Needed: Pickup Truck

WarpedIt’s raining today, off and on. I mowed the lawn between showers and did some weeding in the rain. Time to work on this blog.

It’s great fun moving into a new house and trying to get caught up on all of the repairs; even little ones can take up a lot of time and mental energy. One critical repair was to replace a fence section that was badly warped and pulling loose. My neighbor was making pointed comments about it falling into her yard.

June first seemed like a good day to purchase materials. I knew I wouldn’t have time to fix the fence right away but I needed some pressure-treated lumber, as well. I wanted it to age for a couple of weeks before I painted it. More on that, below.

During the month of May I had been contemplating the pros and cons of getting a pickup truck. Obviously, I needed one now that I was a landowner—should I buy an old beater or a newer, more reliable one?  Yet, June had arrived and I still had no method of transporting large objects.

TruckIt suddenly occurred to me on that Saturday morning that trucks could be rented for very little money. Duh! A little online research revealed that my local Home Depot rents trucks—time to go shopping.

The Home Depot rental was a bit pricey—and definite overkill.  It’s a flatbed with stake sides that fold down in case my load was really oversize. It has a cargo capacity of 3500 pounds – rather more than I would need. Still…the convenience! I could have driven to U-Haul and gotten a light truck for about twenty dollars a day. The Home Depot truck cost nineteen dollars for seventy-five minutes. A full twenty-four hours costs sixty-nine dollars. But 75 minutes would be plenty of time–I live less than two miles from the store. Why rent for a whole day if I didn’t need to?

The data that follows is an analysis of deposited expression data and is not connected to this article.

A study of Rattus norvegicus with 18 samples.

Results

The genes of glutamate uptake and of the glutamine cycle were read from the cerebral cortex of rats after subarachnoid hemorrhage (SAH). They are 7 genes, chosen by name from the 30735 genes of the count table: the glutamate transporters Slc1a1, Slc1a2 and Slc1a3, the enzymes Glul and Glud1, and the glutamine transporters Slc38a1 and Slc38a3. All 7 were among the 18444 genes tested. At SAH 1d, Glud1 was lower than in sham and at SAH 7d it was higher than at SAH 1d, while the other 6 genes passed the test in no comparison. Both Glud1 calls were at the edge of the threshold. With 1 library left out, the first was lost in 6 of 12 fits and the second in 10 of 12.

That afternoon I stopped off at their rental area and placed my name on the waiting list. The trucks are in high demand on Saturday. Then I went to do my shopping.

FenceIt’s quite a time savings if you do things the right order. My first stop was in lumber where I tracked down an employee and set them to work cutting up sheets of half-inch plywood to my required sizes. While he was doing that I wandered off and got the rest of my supplies. Then back to lumber to pick up everything else. Time to check out.

While I was in line I got a call on my cell phone—my truck was ready. Did I mention convenient? Not only was the truck parked right next to the contractor loading area, they didn’t start charging until my purchases were actually on board. And there was a Home Depot employee to help me load.

PaintI’m convinced—I don’t need to buy a pickup. Even if I rent a truck every single weekend of the year it’s still cheaper than paying the insurance on old beater. I’m also saving the purchase price. And the cost and headaches of repairs. This experience has gotten me thinking. Maybe I should buy a sports car for my daily driver. I can always rent any other vehicle I might need. Hmm…

Unfortunately, the new fence panel had to sit for two weeks until my twenty-year-old son was free to come over and help me install it. He graciously did the heavy lifting and allowed me to have the fun of playing with the power tools. That was on Saturday, the fifteenth.

PaintedThe pressure-treated lumber and the plywood got a coat of primer that same weekend. Normally (or so I’ve been told) pressure-treated wood is supposed to age for a while before being painted.  The primer that I purchased is supposed to stick to most anything. We’ll see how it does on pressure-treated wood. The lumber will become an aquaponics trough. I’ll get to that in a future post.

One thought on “Needed: Pickup Truck

  1. Clay

    I imagine that was a nice surprise to see how economical it was to rent the HD truck instead of owning a pickup truck. Looking forward to seeing the aquaponics trough go up.